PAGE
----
Abby Wolf staff writer
“Why are there eight empty glasses in here?” my mom yells, barging into my room.
I always thought this situation was unique to my family, until I saw a teenage girl from Ohio film herself cradling half filled glasses from her room to the kitchen, attempting to avoid her mom.
Many parents worry TikTok is a waste of time. In fact, a study cited in Forbes showed that pre-teens and teens spend about 80 minutes per day on the app. What parents fail to understand is the sense of community and comfort TikTok provided in the year we were trapped in our rooms.
With limited ability to process this bizarre year face to face with friends, millions of teenagers resorted to TikTok. We reacted to the monumental events of 2020 and 2021 through 15-60 second videos.
We witnessed a protester bloodied at a Black Lives Matter march with Childish Gambino’s “This is America” playing softly in the background. We viewed news updates from freelance journalist Marcus DiPoala in Washington, D.C., as insurrectionists stormed the U.S. Capitol. We commemorated President Joe Biden’s inauguration with thousands of videos admiring Michelle’s coat, lionizing Bernie’s iconic mittens, and applauding Amanda Gorman’s inspiring poem.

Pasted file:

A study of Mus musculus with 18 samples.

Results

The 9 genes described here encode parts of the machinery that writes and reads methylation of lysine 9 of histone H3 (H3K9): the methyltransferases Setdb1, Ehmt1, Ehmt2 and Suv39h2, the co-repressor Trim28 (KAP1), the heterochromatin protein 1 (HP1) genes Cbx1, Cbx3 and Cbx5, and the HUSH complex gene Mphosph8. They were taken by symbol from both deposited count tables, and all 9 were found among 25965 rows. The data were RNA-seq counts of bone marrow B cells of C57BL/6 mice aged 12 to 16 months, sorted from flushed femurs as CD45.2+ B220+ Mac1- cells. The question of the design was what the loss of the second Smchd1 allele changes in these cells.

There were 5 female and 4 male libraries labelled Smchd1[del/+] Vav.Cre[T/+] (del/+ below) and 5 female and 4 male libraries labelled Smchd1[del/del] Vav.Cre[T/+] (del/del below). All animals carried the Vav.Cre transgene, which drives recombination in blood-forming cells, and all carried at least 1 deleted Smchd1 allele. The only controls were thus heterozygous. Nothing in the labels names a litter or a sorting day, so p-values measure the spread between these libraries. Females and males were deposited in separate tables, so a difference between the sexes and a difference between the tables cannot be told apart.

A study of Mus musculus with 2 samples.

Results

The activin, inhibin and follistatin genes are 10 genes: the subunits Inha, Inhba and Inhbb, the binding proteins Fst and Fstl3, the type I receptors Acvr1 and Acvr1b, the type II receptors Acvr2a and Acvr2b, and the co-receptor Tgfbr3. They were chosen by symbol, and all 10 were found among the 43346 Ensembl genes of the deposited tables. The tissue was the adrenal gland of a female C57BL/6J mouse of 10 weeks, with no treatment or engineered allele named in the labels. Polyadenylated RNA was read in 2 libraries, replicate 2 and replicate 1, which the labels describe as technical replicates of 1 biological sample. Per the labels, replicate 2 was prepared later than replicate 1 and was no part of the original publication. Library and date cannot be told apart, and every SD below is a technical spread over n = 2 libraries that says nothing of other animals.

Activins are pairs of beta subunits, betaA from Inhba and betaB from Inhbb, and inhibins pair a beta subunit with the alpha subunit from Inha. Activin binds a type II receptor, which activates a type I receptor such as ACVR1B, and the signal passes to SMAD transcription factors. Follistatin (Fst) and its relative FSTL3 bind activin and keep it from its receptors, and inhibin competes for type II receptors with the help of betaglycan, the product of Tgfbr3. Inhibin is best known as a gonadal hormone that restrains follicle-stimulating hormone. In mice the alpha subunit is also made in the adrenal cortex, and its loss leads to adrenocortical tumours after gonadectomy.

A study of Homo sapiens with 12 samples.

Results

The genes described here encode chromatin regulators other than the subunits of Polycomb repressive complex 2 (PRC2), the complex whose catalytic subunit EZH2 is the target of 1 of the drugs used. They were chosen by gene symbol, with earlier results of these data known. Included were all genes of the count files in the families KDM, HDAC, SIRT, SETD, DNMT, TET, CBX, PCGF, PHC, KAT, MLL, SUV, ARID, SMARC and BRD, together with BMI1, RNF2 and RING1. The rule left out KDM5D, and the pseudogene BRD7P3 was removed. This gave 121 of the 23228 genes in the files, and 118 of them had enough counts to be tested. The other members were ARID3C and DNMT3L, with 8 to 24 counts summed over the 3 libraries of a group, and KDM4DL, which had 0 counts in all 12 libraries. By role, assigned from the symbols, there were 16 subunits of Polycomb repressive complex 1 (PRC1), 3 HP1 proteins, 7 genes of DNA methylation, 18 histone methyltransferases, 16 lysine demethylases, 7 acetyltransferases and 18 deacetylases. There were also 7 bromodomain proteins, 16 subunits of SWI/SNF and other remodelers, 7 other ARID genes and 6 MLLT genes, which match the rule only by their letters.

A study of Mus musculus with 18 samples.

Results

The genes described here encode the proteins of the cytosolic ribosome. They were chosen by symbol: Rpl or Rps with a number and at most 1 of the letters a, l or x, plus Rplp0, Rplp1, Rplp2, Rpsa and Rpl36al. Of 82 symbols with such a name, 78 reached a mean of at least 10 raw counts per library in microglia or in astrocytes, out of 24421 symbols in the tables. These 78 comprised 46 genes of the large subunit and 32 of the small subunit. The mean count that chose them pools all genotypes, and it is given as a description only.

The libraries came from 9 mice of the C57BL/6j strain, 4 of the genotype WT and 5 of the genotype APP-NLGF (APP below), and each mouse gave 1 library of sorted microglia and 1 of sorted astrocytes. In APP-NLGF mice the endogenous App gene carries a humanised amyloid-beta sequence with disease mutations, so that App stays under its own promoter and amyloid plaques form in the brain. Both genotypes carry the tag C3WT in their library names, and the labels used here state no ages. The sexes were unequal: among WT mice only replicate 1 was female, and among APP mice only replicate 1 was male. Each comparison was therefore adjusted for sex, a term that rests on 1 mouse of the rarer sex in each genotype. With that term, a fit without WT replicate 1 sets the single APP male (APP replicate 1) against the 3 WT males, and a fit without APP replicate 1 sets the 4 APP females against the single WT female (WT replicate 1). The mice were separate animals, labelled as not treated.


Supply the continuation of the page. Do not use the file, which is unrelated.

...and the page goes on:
Aside from being a political forum for teenage activists, TikTok provided support and comfort for many.
According to a study in a New York Times article about teenage loneliness during the pandemic, about one-third of 3,300 high school students polled reported feelings of depression since the beginning of this school year.
Teens found camaraderie on TikTok.
We commiserated over the awkwardness of getting stuck in a Zoom breakout room with students we did not know or the embarrassment of accidentally unmuting during class. We shared our joy and grief with videos of us opening our college acceptance letters. We all understood when Maddie from Pennsylvania said, “Every day is the same.”
During the early months of quarantine, we shared theories about “Tiger King”, followed recipes for whipped coffee and exercised together with Chloe Ting. As the pandemic dragged on, life came to a halt. We stopped seeing our friends, so there was no new drama that needed rehashing. Netflix had few new shows and removed binge-worthy comedies like “Parks and Recreation” and “The Office”.
TikTok gave us new things to talk about every day.
Maddie from Pennsylvania was right. For the past year, every day has been the same. But our generation found a unique way to capture it and when we look back at this year, we will be reminded of the way Gen Z turned a global pandemic into a year of online laughter and community.